Some 14 years after Festen, Thomas Vinterberg is back in Competition at Cannes with his latest drama, The Hunt. It’s been a long road back, he tells Mike Goodridge.
In 1998, Thomas Vinterberg scored the coup of landing in Cannes Competition with his second feature, his third if you count his graduation film Last Round. The title which did it, Festen (or The Celebration in English), went on to become a sensation, sharing the jury prize, kickstarting the minimalist Dogme movement of which Vinterberg was an architect, scoring distribution deals in every territory and placing the director firmly on the global film-making map. It won him scores of awards, spawned a successful stage play and made him the object of furious attention from Hollywood. It was, he says, a distracting time.
“I got very confused by the Festen experience,” he explains. “Artistically it took away my focus for quite some time. I was like some football player after a big goal and the camera was pointing my way for far too long. It took me a while to get the camera pointed away from me and get me looking at the world again to find stories.”
His follow-ups to Festen - It’s All About Love (2003), Dear Wendy (2005), A Man Comes Home (2007) - were not well-received, and it was only with Submarino in 2010 that critics took another look. The dark portrait of troubled young brothers played in competition in Berlin and felt like a return to basics for the film-maker.
The return to Cannes Competition with The Hunt this year proves the Vinterberg renaissance is indeed a reality. Working with Danish star Mads Mikkelsen for the first time, and re-teaming with writer Tobias Lindholm with whom he successfully collaborated on Submarino, Vinterberg has clearly found a new confidence.
“I am trying to come back to the vulnerability in human beings and trying to find the human fragility,” he says. “That has always been my project. Even in the meanest bastards you can find something vulnerable and that’s what I am always looking for, and I am back doing that. I am constantly trying to find the purity that was in my graduation film, where I was honestly trying to regard some people in a certain situation. I still think it’s my best film.”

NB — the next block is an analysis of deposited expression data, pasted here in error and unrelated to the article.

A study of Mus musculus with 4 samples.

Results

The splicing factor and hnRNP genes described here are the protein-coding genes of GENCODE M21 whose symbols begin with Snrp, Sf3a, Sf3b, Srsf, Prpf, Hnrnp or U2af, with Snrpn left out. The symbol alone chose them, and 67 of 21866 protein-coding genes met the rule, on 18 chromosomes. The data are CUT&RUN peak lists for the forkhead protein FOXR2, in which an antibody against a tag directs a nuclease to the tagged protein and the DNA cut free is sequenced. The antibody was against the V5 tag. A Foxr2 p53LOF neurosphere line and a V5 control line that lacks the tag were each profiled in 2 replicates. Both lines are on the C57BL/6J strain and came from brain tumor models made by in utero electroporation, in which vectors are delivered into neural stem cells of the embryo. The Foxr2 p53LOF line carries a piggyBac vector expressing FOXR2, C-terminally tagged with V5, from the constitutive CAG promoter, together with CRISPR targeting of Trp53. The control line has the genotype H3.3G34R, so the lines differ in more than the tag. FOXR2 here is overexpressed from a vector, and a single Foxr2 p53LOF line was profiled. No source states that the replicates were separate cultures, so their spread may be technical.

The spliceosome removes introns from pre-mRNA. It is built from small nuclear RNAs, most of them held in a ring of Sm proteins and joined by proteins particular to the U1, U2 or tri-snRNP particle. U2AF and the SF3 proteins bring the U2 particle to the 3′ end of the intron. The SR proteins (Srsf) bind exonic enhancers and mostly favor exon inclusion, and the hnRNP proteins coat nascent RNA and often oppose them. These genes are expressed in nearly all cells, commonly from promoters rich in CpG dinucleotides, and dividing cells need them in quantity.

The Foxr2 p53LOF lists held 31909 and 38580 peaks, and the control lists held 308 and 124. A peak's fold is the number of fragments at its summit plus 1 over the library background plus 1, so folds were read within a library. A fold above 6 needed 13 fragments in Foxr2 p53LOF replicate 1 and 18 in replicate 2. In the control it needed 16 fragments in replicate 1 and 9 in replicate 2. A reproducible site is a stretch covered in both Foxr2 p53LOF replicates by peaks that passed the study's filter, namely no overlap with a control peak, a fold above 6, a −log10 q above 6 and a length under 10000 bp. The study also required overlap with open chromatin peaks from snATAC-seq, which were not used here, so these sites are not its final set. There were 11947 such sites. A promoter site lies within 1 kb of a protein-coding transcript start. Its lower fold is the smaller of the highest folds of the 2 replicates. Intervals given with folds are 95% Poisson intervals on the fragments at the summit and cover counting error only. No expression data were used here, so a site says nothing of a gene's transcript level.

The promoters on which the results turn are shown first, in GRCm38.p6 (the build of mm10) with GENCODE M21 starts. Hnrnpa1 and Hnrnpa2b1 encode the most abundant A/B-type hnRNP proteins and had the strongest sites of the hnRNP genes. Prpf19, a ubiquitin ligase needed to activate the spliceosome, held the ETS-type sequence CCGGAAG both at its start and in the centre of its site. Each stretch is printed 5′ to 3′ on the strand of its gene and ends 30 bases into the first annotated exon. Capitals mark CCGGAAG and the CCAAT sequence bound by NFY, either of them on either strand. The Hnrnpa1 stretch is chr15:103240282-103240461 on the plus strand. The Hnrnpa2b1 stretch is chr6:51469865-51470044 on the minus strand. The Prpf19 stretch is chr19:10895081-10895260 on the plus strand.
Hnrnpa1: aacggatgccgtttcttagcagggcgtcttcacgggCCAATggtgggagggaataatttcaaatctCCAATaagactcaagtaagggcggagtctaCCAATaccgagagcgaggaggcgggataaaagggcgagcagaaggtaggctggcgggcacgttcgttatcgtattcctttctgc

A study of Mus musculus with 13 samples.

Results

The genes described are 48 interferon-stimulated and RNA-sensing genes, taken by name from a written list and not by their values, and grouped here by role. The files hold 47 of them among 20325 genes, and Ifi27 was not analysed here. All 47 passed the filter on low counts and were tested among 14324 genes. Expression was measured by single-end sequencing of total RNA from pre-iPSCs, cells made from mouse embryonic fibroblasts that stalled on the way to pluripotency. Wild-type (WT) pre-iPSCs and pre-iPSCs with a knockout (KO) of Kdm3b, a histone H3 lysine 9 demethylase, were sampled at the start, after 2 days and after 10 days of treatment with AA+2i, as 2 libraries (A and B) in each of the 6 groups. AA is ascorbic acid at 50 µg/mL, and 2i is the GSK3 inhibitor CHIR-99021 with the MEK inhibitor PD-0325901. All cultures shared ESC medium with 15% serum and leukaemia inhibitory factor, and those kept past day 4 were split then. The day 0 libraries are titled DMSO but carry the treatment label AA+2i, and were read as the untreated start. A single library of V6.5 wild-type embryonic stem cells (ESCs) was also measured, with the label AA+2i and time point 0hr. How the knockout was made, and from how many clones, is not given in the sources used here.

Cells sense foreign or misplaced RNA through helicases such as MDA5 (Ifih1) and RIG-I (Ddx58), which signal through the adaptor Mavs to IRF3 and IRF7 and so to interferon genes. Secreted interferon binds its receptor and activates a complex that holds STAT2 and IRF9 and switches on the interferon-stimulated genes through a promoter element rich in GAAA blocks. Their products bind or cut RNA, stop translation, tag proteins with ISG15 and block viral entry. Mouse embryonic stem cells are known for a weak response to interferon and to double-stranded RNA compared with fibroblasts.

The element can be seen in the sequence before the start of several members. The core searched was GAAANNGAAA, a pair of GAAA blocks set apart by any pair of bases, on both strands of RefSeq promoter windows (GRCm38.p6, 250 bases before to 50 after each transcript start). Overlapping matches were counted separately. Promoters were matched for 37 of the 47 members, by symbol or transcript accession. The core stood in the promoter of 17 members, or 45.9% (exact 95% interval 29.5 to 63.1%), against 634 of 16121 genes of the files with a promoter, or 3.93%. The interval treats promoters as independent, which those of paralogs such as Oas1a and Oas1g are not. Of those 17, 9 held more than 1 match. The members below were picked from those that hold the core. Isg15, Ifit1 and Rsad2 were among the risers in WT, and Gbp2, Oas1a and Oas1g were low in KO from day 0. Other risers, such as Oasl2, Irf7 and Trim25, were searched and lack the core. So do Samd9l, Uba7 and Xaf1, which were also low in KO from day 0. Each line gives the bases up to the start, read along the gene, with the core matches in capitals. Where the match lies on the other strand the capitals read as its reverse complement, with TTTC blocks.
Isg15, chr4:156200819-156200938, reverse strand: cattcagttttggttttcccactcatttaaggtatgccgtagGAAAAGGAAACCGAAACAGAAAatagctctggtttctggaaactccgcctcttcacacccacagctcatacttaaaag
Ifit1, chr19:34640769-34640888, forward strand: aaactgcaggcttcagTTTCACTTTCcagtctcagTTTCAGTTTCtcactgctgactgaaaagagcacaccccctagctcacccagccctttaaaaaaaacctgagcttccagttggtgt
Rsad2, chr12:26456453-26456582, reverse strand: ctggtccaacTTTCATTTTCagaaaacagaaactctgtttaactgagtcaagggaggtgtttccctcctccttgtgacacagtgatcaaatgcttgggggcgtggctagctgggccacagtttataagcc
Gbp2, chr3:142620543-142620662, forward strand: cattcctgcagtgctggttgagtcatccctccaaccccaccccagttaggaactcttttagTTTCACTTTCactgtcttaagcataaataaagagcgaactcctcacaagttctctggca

The Hunt, however, is set to be his best film in the eyes of many critics and audiences. (TrustNordisk has already done a number of key sales, including to France and the UK.) If Festen was a provocative tale of family and abuse, The Hunt takes the audience into uncomfortable grey areas in contemporary western society and raises more questions than it answers. Set in a small rural town where a false accusation by a child against Mikkelsen’s character sets off a chain of terrifying events, The Hunt addresses issues of identity, reputation and extreme political correctness.
“It is very important for me to emphasise that this man is innocent,” says Vinterberg. “I would even put it on the poster. I don’t want to play around with whether he is guilty or not. People will think it anyway, wondering if I’m playing tricks with them. They did that with Festen as well. But plots like that aren’t my ballgame. It’s like a trick you pull out of a hat. We are trying to do something else here.”
The film also defies conventional storytelling in that, for all the drama and sense of injustice in the story, there are no villains. “Everybody is innocent in this story,” he says. “Everybody is trying to do their best. It’s a sort of misconception of the world that makes his life go wrong.”
That misconception of the world in the film comes from sensitive issues around children: how we over-protect them and how we choose to believe that everything they say is true.
“There is a cliché that kids don’t lie,” says Vinterberg, “and in this film we claim that they do lie. They do invent stories or lie to make grown-ups happy. In that sense they become the demons of the film. It’s about kids destroying a man’s life.”
For all the small-town setting and Danishness of The Hunt, the themes it evokes are universal. The notion that a man’s character can so quickly become stained is a common one in today’s culture of social media, online rumour mills and tabloid hysteria.
“You can tell stories about other people or about yourself that very quickly become the identity of the person. This film is all about identity - how do you look to the world, and how do you create your own identity. These people give this man this mark and create this identity around him, and he will never be able to escape it. I find that really interesting and really frightening.”